Pakistan Placed On High Alert After Blasts In Lahore Kill 31

March 12th, 2008  
Team Infidel

Topic: Pakistan Placed On High Alert After Blasts In Lahore Kill 31

Washington Post
March 12, 2008
Pg. 8
Government Agency Targeted In Country's Cultural Capital
By Candace Rondeaux, Washington Post Foreign Service
ISLAMABAD, Pakistan, March 11 -- Government officials in Pakistan placed the country on high alert Tuesday after two powerful bomb blasts killed an estimated 31 people and injured 170 in coordinated attacks in the city of Lahore.
The first blast occurred about 9:30 a.m. at the offices of Pakistan's Federal Investigation Agency as hundreds of staff members arrived for work, according to government officials. The devastating explosion partially sheared off one side of the building, blew out dozens of windows and left a deep crater in the ground.
The agency, officials said, is responsible for cases involving illegal immigration and smuggling. It is also the base for a U.S.-trained counterterrorism unit.
The source of the blast in the heart of the capital of Punjab province appeared to be explosives planted in a vehicle parked nearby, according to a spokesman for Pakistan's Interior Ministry.
Chaudhry Manzoor, the Federal Investigation Agency's director in Punjab, said he and at least 200 other officials were in the building when the bomb exploded. "I saw dozens of officials badly injured and some taking their last breaths," he said. Manzoor said that several prisoners were also housed in the building but that none had been injured.
The second blast occurred around the same time as the first, when a suicide bomber drove a pickup truck into an advertising agency several miles away in a residential area of Lahore called Model Town. Sabir Ahmad, a guard at the agency, said two men in the vehicle drove toward an exterior gate at high speed before detonating their explosives.
"The driver had a longish beard. I could not see the other guy sitting next to him properly," Ahmad said. "But I saw two big cartons in the van. I asked them loudly why they were coming to the house. Then the driver just yelled at me to move away from the vehicle. A few seconds later, he smashed the truck into the building."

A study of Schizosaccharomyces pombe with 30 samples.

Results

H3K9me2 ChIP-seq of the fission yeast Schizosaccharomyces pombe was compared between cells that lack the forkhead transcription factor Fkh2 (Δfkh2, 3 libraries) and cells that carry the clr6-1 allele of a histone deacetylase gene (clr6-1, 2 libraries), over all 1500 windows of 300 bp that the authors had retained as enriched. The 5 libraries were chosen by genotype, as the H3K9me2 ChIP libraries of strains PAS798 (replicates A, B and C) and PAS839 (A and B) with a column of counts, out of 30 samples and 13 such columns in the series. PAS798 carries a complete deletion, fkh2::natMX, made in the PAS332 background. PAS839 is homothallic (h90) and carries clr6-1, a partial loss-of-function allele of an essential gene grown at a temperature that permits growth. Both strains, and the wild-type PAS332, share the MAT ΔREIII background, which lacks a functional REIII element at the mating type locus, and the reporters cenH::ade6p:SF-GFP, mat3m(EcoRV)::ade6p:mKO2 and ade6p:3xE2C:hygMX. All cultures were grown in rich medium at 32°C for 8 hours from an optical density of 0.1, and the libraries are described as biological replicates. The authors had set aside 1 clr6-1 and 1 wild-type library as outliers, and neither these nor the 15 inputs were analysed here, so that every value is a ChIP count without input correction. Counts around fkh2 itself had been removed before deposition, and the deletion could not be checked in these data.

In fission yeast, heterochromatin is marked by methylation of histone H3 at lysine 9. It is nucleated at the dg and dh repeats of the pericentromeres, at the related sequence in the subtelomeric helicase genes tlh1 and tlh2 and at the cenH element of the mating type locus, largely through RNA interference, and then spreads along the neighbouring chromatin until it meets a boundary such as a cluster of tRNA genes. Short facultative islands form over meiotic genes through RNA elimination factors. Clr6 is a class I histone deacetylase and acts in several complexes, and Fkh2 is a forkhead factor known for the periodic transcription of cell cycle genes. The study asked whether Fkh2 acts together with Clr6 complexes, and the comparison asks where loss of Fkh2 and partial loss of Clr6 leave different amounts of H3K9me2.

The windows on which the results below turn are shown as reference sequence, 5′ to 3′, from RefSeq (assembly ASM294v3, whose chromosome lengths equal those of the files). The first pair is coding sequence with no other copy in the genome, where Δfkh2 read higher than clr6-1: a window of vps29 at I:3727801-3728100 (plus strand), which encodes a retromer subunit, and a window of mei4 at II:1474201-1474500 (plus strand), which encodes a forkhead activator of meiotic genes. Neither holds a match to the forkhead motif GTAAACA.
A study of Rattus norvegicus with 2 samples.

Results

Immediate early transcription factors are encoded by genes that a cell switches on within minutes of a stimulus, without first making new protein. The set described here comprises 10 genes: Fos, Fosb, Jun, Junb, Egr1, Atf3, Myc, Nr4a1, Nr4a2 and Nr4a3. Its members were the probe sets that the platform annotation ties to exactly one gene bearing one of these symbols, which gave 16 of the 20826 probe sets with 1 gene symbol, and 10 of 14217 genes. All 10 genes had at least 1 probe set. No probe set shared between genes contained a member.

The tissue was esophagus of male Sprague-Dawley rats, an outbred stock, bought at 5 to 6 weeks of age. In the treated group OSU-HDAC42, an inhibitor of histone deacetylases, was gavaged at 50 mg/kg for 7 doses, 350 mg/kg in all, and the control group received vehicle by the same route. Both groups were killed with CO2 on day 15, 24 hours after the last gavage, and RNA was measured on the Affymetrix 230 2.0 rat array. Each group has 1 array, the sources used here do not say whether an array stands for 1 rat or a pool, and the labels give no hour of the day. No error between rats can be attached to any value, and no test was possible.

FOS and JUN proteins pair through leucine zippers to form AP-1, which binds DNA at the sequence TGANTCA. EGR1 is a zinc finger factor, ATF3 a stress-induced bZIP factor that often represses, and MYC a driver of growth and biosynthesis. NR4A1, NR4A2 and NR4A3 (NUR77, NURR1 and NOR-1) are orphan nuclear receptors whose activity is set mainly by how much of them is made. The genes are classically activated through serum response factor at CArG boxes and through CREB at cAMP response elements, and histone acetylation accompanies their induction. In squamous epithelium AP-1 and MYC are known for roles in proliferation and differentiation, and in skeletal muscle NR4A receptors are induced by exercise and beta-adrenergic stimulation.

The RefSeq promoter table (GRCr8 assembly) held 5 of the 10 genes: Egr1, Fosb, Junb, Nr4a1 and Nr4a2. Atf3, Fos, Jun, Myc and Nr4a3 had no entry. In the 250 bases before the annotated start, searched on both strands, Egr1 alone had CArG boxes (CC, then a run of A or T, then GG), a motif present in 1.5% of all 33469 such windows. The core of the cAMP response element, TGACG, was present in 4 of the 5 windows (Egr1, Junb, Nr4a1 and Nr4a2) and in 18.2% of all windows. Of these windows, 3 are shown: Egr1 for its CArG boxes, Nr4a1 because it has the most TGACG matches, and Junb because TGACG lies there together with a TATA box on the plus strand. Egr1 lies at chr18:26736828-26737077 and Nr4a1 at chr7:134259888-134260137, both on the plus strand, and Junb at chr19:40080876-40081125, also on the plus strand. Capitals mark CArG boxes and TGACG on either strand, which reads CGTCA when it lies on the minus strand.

The explosion, which occurred several hundred yards from the second home of political leader Asif Ali Zardari, killed a man and two children who were playing nearby, government officials and witnesses said. Zardari is the widower of former prime minister and opposition leader Benazir Bhutto.
"The whole nation is deeply grieved and perturbed over these acts of sheer madness," retired Brig. Javed Iqbal Cheema, a spokesman for Pakistan's Interior Ministry, said at a news conference in Islamabad. "The law enforcement agencies are trying their level best to break the remnants of clandestine terrorist cells."
Area hospitals, which were placed on emergency status immediately after the blasts, were overrun with casualties. Reports on the death toll varied. Cheema said 24 people had been killed, but late Tuesday evening local officials said there had been 31 fatalities.
The bombings marked the second time in a week that Lahore, the country's cultural capital, has been the target of violence, and the third attack in as many weeks on a prominent government target.
Pakistan has been racked by political unrest and violence since early last year, but attacks have intensified considerably since Bhutto was assassinated Dec. 27. Almost 150 people have been killed in violence since parliamentary elections on Feb. 18.
Cheema said Tuesday that the government has beefed up security in public areas and at government installations across the country. Provincial government officials have also been asked to review their plans and close any gaps in security.
The successive attacks in Lahore signify a new turn in the Pakistani government's six-year battle against religious extremists. The cosmopolitan city of 7 million had until this year remained relatively untouched by the violence in the country. That changed in January, however, when a suicide bomber killed at least 19 people outside the Lahore High Court as lawyers were rallying for the restoration of the chief justice, whom President Pervez Musharraf had deposed.
Cheema said the bombings over the past week could be a sign that extremists are trying to send a message to the leaders of Pakistan's newly elected Parliament. "We are going through a very crucial phase of transition, and we are transiting toward a full-fledged democratic rule," he said. "I think perhaps these tyrants are trying to put maximum pressure on the government that is in the making."
Government assurances appeared to do little to quell rising anxiety in Lahore. The attacks Tuesday drew hundreds of angry people into the city's streets and prompted many parents to pull their children out of school.
Special correspondent Aoun Sahi in Lahore contributed to this report.